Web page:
Tech

Amazon-first gadget brands Aukey and Mpow are suddenly, suspiciously disappearing

Amazon-first gadget brands Aukey and Mpow are suddenly, suspiciously disappearing

Many Amazon listings for two major electronics sellers have mysteriously disappeared as of Monday afternoon, and it’s unclear exactly what might be going on.

Here are a few screenshots from Aukey’s Amazon page, taken shortly after 12PM ET on Monday. Aukey is a major seller of chargers, portable batteries, and more, but its Amazon page has a whole lot of blank product boxes and products listed as “currently unavailable.”

A section of Aukey’s largely empty Amazon page.

Only two Aukey cables listed here.

Many Aukey products are “currently unavailable.”

And if I search “Aukey” on Amazon, the top results are for two massage guns, a home oven, and a keyboard — not chargers or cables.

Mpow, another big seller known for headphones, car mounts, and more, similarly has an Amazon page filled with “currently unavailable” listings.

A section of Mpow’s Amazon page.

It’s not clear why Aukey’s and Mpow’s listings have disappeared. Their disappearance is particularly weird when I can see that listings from other big sellers in the accessories space, including Anker, Belkin, RAVPower, and Satechi, appear to be working as normal as of Monday evening.

Aukey and Mpow have not responded to requests for comment.

Amazon would not confirm or deny whether it had removed these items — but it did provide a statement in response to our question that at least suggests these companies may have had some funny business going on:

We work hard to build a great experience for our customers and sellers and take action to protect them from those that threaten their experience in our store. We have systems and processes to detect suspicious behavior and we have teams that investigate and take action quickly.

We have long-standing policies to protect the integrity of our store, including product authenticity, genuine reviews, and products meeting the expectations of our customers. We take swift action against those that violate them, including suspending or removing selling privileges. We take this responsibility seriously, monitor our decision accuracy and maintain a high bar. We have an appeals process where sellers can explain how they will prevent the violation from happening in the future or let us know if they believe they were compliant. Our teams are based in our Seattle headquarters and around the globe in order to provide sellers with 24/7 support via email, phone, and chat in more than 15 languages.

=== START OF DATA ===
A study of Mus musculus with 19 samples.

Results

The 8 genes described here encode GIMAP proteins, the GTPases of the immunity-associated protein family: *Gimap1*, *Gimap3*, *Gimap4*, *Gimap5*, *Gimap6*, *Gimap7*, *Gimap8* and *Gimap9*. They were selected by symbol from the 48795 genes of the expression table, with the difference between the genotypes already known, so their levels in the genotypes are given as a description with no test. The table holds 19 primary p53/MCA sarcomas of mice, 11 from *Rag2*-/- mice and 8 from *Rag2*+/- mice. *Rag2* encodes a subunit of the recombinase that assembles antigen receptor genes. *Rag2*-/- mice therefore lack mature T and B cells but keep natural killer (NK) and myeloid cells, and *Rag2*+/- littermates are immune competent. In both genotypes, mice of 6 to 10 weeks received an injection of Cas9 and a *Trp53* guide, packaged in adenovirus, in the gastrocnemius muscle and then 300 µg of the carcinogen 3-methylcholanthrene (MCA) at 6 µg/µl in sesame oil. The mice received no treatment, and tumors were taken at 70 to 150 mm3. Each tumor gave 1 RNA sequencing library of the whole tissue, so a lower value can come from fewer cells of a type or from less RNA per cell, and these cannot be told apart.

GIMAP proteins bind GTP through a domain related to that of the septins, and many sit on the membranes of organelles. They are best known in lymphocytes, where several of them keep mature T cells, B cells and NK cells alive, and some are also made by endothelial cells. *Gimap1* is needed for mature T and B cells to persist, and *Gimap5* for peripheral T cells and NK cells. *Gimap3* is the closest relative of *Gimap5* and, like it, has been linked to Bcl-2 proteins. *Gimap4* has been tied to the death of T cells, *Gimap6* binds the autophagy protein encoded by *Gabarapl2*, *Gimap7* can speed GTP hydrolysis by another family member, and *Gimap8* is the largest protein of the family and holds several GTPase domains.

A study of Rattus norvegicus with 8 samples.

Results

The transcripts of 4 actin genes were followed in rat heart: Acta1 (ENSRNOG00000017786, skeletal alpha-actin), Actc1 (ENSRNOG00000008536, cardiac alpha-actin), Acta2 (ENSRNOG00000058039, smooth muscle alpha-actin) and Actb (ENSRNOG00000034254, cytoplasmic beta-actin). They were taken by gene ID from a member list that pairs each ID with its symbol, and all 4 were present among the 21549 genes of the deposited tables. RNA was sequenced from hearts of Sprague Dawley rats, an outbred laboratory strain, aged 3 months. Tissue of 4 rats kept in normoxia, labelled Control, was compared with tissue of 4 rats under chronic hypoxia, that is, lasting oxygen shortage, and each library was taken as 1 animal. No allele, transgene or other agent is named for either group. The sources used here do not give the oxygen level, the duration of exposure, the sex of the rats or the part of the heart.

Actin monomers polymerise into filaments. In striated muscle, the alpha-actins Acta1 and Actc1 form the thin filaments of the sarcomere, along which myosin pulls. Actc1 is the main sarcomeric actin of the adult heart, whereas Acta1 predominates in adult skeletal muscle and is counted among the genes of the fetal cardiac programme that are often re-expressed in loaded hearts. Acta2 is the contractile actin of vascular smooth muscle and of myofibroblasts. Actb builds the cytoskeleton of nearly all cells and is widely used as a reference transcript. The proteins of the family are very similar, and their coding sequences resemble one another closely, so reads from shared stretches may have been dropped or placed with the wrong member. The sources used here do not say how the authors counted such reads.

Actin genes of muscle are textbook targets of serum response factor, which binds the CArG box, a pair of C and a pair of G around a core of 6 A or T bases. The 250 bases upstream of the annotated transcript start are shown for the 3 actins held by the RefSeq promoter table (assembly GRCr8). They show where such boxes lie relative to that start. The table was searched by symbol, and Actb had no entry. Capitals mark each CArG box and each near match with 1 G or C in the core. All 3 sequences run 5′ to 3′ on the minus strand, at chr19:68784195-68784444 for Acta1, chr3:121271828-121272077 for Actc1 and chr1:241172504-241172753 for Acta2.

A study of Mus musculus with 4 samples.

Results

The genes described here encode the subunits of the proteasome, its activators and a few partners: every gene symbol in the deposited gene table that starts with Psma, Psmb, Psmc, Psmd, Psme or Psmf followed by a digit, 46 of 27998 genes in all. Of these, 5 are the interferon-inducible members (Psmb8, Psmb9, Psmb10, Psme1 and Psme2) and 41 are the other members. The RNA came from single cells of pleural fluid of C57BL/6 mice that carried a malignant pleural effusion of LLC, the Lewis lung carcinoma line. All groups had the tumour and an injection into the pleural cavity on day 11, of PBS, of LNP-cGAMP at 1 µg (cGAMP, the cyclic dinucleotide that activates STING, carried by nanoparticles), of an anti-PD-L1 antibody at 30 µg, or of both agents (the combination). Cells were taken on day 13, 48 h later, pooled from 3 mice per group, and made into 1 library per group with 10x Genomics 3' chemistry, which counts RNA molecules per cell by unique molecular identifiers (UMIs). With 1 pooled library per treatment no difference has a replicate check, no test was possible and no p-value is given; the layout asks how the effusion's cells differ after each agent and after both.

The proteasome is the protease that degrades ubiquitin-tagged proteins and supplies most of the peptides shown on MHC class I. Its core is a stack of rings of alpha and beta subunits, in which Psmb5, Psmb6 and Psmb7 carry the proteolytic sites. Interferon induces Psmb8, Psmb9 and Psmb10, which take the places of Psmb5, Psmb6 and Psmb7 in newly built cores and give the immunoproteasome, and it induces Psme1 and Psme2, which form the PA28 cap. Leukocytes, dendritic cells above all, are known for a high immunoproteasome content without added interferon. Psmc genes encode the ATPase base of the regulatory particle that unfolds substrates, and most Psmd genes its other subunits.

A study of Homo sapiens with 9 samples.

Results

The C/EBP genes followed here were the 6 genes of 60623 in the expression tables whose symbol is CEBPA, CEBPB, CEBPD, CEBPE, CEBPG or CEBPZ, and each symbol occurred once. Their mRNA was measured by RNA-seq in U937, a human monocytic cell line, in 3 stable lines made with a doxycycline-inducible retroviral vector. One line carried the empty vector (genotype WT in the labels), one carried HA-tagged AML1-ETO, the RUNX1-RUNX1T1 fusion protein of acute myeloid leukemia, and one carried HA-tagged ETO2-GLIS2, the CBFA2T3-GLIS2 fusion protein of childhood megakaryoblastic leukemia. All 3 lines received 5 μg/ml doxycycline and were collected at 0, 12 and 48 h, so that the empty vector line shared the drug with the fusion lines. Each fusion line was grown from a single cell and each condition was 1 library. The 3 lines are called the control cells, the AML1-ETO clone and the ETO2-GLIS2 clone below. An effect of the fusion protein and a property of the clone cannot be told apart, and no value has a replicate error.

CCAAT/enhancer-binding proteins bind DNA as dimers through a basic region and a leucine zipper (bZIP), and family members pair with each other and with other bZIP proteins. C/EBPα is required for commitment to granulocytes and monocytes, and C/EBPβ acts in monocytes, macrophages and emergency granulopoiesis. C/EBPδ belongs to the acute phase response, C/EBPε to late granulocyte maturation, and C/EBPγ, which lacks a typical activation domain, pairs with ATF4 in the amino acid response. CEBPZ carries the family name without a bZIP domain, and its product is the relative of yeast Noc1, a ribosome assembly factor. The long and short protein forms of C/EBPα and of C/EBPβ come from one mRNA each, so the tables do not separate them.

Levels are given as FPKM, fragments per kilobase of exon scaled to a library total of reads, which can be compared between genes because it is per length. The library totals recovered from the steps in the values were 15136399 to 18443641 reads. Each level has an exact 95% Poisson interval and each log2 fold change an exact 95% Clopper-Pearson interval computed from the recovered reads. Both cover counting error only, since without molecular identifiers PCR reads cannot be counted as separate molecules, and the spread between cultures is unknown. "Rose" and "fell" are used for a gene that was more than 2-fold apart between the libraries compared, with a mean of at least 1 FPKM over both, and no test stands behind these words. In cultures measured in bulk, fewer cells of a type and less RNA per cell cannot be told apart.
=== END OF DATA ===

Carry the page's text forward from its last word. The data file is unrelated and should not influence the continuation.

Amazon is rife with scams, and the company puts a lot of resources into fighting them — Amazon just today revealed that it blocked more than 10 billion suspected bad listings before they were ever published in 2020, for example. Aukey and Mpow aren’t exactly small third-party sellers, though, which make their disappearing listings even more mysterious.

Last week, an unconfirmed report from antivirus review website SafetyDetectives apparently revealed how some Amazon vendors figured out a quiet way to solicit and pay for fake five-star reviews — something that’s obviously against Amazon’s rules. While it’s not clear if the missing listings are connected in any way to the report — which does not name vendors who may be participating in the practice — we found two accounts describing how Mpow used review-soliciting tactics similar what was uncovered in SafetyDetectives’ article, and XDA Developers journalist Corbin Davenport said that an Aukey standing desk he’s reviewing included a message offering $100 in exchange for an “honest review.”

About the author

Sharon Ross

Sharon Ross has been phenomenal in the success of Report Door. She is the super dedicated types, always glued to her computer. She talks less, but when it comes to work, she is behind none. She is a tech geek and contributes to the technology section of Report Door.